The Science Behind Why Some Foods Are Canned In Tin Rather Than Aluminum

While fresh food is usually better than canned, people still stock up on canned foods in their pantries just because of how convenient and long-lasting they are. But, have you ever thought about what those cans are made of? They might all look shiny and similar, but there's more to them than meets the eye.

Food cans are typically made from either tin or aluminum. Tin cans, the traditional choice that's been around since 1810, don't actually mean the can is made entirely from tin. Tin is a rare material and accounts for just 0.001% of the Earth's crust in stark contrast to aluminum, which makes up a substantial 8.2%. The scarcity of tin makes true tin cans unsustainable.

In reality, tin cans are actually constructed from what's called "tinplate" — food-grade steel with a thin layer of tin applied to the surface. Steel is cheap, readily available, and easy to shape, making it an ideal material for can production. Meanwhile, tin, known for its exceptional resistance to corrosion, is used as a protective coating to prevent the cans from rotting away in storage. For all these reasons, tin cans are the go-to choice for canning, particularly for acidic foods. No other kind of canning materials can resist the acidity without rotting away in a month or two quite like tin cans.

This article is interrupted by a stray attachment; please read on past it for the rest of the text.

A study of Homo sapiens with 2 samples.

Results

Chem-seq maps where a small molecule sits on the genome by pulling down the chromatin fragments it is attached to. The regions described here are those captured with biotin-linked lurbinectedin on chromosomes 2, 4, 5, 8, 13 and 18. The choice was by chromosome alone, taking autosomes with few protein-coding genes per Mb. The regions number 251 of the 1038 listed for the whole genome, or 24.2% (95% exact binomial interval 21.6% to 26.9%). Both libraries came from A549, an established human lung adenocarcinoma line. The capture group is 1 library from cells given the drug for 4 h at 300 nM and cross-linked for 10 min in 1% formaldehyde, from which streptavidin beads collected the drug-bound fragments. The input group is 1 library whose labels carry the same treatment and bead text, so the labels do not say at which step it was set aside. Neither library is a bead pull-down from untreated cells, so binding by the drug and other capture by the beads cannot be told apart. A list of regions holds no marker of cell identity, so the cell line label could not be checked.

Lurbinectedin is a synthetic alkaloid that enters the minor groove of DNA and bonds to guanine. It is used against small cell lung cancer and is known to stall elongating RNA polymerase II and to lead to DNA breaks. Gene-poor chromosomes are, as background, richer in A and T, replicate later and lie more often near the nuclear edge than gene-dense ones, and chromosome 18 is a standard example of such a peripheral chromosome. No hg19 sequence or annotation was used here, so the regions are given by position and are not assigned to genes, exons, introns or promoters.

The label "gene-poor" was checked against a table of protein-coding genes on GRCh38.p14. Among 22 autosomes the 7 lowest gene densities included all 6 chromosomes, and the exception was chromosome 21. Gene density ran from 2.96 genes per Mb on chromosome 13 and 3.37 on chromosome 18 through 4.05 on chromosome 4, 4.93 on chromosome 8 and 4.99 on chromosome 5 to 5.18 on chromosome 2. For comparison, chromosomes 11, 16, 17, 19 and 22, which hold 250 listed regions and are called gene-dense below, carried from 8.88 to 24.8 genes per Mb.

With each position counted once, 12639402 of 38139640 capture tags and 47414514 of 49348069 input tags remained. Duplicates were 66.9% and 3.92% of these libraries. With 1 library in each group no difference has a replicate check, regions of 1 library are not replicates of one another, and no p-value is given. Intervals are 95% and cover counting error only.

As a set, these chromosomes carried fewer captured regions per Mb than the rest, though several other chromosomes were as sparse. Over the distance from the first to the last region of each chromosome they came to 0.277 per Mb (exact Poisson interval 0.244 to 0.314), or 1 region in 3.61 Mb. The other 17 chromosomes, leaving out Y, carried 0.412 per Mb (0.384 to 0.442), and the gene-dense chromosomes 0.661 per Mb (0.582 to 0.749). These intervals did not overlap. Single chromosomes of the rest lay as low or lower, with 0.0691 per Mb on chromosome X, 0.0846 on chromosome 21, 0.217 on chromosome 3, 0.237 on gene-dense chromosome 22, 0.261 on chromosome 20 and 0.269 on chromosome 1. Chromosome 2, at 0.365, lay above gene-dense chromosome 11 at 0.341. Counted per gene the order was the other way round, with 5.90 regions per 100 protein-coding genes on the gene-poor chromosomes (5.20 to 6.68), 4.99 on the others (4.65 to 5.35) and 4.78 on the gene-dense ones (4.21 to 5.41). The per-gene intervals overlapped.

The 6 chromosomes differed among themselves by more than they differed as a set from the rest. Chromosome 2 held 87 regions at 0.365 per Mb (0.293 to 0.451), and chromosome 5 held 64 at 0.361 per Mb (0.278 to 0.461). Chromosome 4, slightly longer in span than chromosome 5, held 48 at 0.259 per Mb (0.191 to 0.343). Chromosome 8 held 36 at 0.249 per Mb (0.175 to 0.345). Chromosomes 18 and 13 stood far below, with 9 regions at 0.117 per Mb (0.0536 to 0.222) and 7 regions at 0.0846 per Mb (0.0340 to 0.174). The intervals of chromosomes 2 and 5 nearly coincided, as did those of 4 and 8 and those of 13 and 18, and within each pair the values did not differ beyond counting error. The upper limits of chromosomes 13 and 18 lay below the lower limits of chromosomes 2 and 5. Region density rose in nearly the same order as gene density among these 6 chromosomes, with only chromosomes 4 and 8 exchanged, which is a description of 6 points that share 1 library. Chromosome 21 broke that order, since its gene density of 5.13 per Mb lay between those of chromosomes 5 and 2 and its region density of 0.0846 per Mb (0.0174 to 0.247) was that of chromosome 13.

If tin cans are so great, where do aluminum cans fit in?

Tin cans have been around since the early 1800s, but it wasn't until nearly a century later that aluminum cans came into the picture. Before that, refining aluminum was challenging because it often exists alongside other elements in ores. Separating aluminum from these other metals was neither simple nor cost-effective, but as technology improved, aluminum became more accessible and, crucially, affordable by the late 20th century. Apart from being more cost-effective, aluminum cans are lighter, making them easier to transport. Furthermore, aluminum is highly eco-friendly due to its excellent recyclability, earning it the nickname "green metal" among environmentalists.

However, the main drawback of aluminum cans is that while they are relatively strong, they aren't as strong as tin cans, which benefit from being forged from steel. This is why aluminum is commonly used in applications where durability or long-term storability aren't a priority, like beverages and short-shelf-life foods. For long-term food storage, stronger and longer-lasting tin cans remain the preferred choice.